Cocaine may provide a temporary euphoric high, but coming down is far from pleasant. The crash after the high can leave you depressed, anxious, and craving more just to feel normal. This is the insidious nature of cocaine addiction.
However, recovery is possible with proper treatment and support. The first step? Making it through withdrawal.
What to Expect During Cocaine Withdrawal
Cocaine withdrawal symptoms arise because your brain has adjusted to the drug’s presence. When cocaine is removed, your neurotransmitters are depleted, creating a variety of unpleasant effects. Knowing what to expect can help you prepare.
The Early Crash
In the first 1-3 days after the last use, an intense “crash” phase begins. Without cocaine’s euphoric effects, dysphoria sets in and you may feel depressed, fatigued, and have intense drug cravings. Poor concentration, insomnia, irritability, and restlessness are common as well.
Some also experience suicidal thoughts during this time. Having a strong support system and seeking medical help if needed are crucial.
Even after acute withdrawal ends, some may experience post-acute withdrawal syndrome (PAWS). Lasting weeks or months after quitting, PAWS can include:
- Mood swings
- Increased appetite
Strong cocaine cravings and depression continue during this time. Seeking counseling and considering medication can help treat depressive symptoms.
People also go on to experience protracted withdrawal sometimes. Protracted cocaine withdrawal symptoms come and go in waves. Support groups, counseling, nutrition, and stress management help manage this extended phase.
Risks of Cocaine Withdrawal
Attempting cocaine withdrawal on your own brings serious risks. Potential dangers include:
Seizures: Cocaine suppresses seizure activity, so abruptly stopping can trigger seizures in vulnerable individuals.
Suicidal thoughts: Depression and hopelessness during withdrawal may lead to suicidal ideation and attempts.
Relapse: Intense cravings and negative feelings put you at a very high risk of using again to self-medicate.
Medically supervised detox provides 24/7 monitoring, medications, therapy, and support to mitigate these risks.
How to Safely Get Through Cocaine Withdrawal
Getting clean and sober requires navigating withdrawal. With the right help, this difficult but temporary phase can be managed. Here’s how to start:
Choose medically supervised detox: Around-the-clock medical care ensures withdrawal safety and comfort. Medications treat symptoms like anxiety, insomnia, and depression as well.
Consider inpatient rehab: After detox, inpatient rehab provides intensive counseling, life skills building, and social support for lasting recovery.
Seek counseling and therapy: Individual and group therapy help process emotions, build coping strategies, and address underlying issues fueling addiction.
Attend support groups: Connecting with others in recovery provides mutual understanding and a forum to share constructive tips. Groups like Cocaine Anonymous use 12-step principles.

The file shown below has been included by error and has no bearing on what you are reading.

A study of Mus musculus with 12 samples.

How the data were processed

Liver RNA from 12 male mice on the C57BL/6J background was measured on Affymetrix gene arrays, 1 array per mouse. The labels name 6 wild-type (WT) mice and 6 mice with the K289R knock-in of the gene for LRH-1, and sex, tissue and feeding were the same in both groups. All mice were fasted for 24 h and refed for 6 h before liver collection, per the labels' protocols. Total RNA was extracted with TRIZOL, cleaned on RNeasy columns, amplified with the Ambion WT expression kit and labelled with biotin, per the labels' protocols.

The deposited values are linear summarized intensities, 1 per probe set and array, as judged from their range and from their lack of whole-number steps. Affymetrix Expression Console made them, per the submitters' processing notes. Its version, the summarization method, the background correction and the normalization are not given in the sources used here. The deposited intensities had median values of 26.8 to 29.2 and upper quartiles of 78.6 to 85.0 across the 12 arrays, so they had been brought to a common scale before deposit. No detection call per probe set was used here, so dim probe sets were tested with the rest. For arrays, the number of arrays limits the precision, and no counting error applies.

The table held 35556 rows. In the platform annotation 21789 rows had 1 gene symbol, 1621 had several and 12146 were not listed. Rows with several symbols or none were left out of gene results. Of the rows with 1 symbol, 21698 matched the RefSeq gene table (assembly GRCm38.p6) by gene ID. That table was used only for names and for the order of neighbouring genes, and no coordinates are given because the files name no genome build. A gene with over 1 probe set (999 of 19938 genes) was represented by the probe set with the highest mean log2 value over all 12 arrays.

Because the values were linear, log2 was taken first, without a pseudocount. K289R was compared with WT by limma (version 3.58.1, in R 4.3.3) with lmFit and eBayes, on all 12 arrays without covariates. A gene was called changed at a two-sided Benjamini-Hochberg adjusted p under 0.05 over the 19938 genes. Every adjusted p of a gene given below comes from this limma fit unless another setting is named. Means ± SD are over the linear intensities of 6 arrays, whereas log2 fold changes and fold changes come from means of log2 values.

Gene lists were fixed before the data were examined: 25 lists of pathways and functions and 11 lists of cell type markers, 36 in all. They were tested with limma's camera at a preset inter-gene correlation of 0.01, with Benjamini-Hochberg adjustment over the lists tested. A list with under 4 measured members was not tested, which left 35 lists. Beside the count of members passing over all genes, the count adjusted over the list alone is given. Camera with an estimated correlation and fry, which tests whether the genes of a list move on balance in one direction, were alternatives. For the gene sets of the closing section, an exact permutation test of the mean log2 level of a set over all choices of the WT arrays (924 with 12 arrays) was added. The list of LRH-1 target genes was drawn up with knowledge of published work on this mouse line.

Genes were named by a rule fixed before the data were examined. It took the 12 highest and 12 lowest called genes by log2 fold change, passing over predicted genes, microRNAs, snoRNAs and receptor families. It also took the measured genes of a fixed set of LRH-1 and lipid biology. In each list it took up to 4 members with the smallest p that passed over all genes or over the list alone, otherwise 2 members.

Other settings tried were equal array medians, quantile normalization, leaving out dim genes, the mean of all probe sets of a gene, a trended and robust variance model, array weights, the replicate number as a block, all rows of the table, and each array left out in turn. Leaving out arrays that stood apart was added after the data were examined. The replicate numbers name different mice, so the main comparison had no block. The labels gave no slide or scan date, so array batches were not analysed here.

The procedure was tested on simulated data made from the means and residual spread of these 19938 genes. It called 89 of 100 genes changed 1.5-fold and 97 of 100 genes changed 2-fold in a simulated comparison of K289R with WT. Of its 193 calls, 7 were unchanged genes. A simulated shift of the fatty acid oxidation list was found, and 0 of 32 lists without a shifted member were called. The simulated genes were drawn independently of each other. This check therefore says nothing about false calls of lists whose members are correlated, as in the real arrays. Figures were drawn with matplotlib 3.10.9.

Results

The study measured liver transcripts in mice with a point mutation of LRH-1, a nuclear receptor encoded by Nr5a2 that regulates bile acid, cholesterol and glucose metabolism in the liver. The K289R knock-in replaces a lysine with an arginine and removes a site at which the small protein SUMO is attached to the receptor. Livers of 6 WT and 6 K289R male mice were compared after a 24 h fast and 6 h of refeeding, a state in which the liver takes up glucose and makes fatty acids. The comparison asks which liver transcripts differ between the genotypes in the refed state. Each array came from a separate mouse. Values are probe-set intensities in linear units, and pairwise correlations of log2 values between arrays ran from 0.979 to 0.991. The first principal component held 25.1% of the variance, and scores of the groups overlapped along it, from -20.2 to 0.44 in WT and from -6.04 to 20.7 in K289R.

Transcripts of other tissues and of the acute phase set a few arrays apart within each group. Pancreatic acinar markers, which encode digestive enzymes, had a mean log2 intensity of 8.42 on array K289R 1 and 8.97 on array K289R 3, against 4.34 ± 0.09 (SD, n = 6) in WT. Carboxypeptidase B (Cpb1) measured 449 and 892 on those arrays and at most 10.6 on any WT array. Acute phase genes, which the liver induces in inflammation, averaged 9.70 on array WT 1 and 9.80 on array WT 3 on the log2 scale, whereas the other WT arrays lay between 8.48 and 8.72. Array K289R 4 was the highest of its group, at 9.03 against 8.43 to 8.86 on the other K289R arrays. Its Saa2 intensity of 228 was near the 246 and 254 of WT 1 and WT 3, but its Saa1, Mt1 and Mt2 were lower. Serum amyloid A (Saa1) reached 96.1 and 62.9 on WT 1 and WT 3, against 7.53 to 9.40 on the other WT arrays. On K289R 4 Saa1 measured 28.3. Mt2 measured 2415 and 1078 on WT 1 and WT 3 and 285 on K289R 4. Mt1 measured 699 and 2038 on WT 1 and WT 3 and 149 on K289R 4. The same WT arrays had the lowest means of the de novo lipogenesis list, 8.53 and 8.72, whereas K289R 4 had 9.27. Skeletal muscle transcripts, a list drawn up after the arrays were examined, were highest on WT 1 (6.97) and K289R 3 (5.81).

Develop healthy habits: Proper rest, nutrition and exercise help repair cocaine’s damage and relieve PAWS symptoms. Discover new hobbies and activities to fill your free time.
Avoid triggers: Stay away from old drug-using friends or environments and build a sober network. Triggers can quickly derail recovery.
Treating Cocaine Withdrawal Symptoms
Getting through cocaine withdrawal safely often requires medical treatment and psychological support. A combination approach treats body and mind for improved recovery odds.
The Abstinence Period
The early abstinence period is often the most difficult and dangerous phase. Medications can help ease symptoms and reduce risks. They often include beta blockers like propranolol to control blood pressure and heart rate and benzodiazepines to reduce anxiety, insomnia, and seizures. You may also get antidepressants to relieve depressive symptoms.
Medical supervision ensures proper medication use for maximum benefit.
Relapse Prevention Period
The relapse risk remains high long after acute withdrawal. Maintenance medications help reduce cravings and prevent relapse. They may include Naltrexone which blocks cocaine’s euphoric effects if used and Modafinil which reduces fatigue and improves concentration. Again, medical oversight ensures optimal results and avoids complications.
Psychological Treatment for Cocaine Withdrawal Symptoms
Therapy and counseling address the psychological symptoms and underlying issues related to addiction.
Dual Diagnosis Treatment
Many with addiction have co-occurring mental health disorders. Integrated treatment for both conditions as “dual diagnosis” leads to better outcomes.
Research shows behavioral therapies effectively support recovery. Cognitive behavioral therapy changes thought patterns while contingency management provides rewards for sobriety. Meanwhile, motivational enhancement therapy encourages commitment.
Overall, ongoing therapy empowers healthy coping strategies for long-term success.
Cocaine Withdrawal Symptoms: Summing Up
Cocaine withdrawal may feel unbearable, but you don’t have to face it by yourself. With compassionate, evidence-based treatment at a dedicated rehab center, you can pass this obstacle on your path to lifelong sobriety. The rewards of health, happiness, and reconnecting with loved ones make pushing through withdrawal well worth the struggle.